Thirteen years ago yesterday, June 5, Ronald Reagan died. It was one day before the 60th anniversary of D-Day. It was fitting that the media was forced to cover the life and accomplishments of Reagan at the same time as it was focused on the anniversary.
Reagan and D-Day go together. Two of his most famous speeches occurred on the 40th anniversary in 1984, during his presidency. First was “The Boys of Pointe du Hoc” speech at the top of the cliffs that the special Ranger unit had to climb to take out strategic guns. The loss of life in that engagement was horrific. Reagan spoke to many of the survivors of that day.
In his second speech, he told the story of D-Day soldier Peter Zanatta, who had wanted to return to Normandy for the anniversary but who died before he could fulfill that desire. His daughter, Lisa, wrote a letter to Reagan about her father and Reagan was deeply moved by the letter. He made sure she was there for the commemoration.
In his speech, he honored both the father and the daughter:
Lisa Zanatta Henn began her story by quoting her father, who promised that he would return to Normandy. She ended with a promise to her father, who died 8 years ago of cancer: “I’m going there, Dad, and I’ll see the beaches and the barricades and the monuments. I’ll see the graves, and I’ll put flowers there just like you wanted to do. I’ll feel all the things you made me feel through your stories and your eyes. I’ll never forget what you went through, Dad, nor will I let anyone else forget. And, Dad, I’ll always be proud.”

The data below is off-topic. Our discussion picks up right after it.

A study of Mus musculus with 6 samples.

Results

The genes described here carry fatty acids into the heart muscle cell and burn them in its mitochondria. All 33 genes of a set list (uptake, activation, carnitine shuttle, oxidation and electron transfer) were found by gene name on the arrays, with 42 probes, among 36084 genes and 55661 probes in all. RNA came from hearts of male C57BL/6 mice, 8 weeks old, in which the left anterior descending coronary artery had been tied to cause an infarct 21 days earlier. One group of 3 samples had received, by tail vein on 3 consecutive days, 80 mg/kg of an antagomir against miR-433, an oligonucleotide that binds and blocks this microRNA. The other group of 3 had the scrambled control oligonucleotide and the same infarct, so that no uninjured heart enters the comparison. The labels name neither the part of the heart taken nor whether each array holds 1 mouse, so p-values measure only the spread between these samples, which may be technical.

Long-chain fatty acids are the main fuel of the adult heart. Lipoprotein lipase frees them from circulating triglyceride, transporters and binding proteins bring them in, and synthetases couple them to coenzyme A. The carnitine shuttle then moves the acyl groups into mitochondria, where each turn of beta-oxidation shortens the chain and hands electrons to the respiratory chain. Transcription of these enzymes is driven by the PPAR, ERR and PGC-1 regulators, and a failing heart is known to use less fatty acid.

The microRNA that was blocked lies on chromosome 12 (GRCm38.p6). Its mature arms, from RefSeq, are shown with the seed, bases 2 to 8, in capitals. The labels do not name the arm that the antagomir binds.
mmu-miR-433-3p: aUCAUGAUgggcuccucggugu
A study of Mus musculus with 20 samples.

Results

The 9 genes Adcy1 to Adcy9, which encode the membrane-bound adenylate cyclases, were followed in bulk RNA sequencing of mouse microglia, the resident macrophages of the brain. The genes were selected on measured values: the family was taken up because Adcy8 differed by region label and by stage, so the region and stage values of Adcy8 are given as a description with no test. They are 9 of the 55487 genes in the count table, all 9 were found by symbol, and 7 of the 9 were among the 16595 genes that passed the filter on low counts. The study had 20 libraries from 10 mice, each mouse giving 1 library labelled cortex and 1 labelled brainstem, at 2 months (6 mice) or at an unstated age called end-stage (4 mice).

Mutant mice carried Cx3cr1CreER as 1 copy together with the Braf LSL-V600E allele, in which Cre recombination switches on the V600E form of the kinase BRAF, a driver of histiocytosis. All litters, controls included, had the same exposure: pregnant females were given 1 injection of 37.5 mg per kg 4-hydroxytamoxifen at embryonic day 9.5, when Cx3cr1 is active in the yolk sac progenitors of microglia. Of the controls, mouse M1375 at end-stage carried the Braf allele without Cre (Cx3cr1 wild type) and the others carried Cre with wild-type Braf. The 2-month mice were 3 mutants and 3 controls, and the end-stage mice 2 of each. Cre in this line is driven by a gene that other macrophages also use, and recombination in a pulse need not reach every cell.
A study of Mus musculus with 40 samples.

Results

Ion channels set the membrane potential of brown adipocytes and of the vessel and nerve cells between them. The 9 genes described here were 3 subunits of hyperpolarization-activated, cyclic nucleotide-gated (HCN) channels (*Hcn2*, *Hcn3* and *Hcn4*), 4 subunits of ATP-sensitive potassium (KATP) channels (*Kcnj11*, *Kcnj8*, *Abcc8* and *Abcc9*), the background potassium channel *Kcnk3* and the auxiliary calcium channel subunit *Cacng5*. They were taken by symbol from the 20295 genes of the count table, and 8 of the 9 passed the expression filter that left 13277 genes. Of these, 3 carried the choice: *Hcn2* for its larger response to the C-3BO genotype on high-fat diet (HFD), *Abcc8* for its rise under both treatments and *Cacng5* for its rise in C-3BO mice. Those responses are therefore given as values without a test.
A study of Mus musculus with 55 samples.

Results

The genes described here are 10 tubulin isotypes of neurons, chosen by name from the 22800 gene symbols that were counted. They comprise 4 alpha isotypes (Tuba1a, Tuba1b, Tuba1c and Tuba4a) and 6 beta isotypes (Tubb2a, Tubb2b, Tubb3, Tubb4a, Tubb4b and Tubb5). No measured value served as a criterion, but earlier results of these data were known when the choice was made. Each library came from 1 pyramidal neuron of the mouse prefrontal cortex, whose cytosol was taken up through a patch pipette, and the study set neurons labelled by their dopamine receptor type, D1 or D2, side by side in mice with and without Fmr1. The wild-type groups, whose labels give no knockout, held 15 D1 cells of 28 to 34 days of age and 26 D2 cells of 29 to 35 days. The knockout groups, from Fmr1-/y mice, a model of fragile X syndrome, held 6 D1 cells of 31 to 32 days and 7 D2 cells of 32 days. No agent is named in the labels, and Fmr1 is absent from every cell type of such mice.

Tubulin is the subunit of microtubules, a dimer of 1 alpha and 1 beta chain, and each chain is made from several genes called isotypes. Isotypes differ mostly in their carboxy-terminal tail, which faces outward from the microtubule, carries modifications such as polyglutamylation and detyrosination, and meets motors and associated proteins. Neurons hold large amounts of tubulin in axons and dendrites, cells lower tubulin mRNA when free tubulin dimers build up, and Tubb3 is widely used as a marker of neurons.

Through the words of his loving daughter, who is here with us today, a D-day veteran has shown us the meaning of this day far better than any President can. It is enough for us to say about Private Zanatta and all the men of honor and courage who fought beside him four decades ago: We will always remember. We will always be proud. We will always be prepared, so we may always be free.
If you have never seen the video of that portion of his speech, I urge you to watch it. Not only does it honor the Zanatta family, but it also reveals a president worthy of respect, one who does honor to the office he upholds—something that has been all too rare in recent years.
On this D-Day anniversary, let’s remember all those who not only did lay down their lives, but also those who survived but were willing to do the same.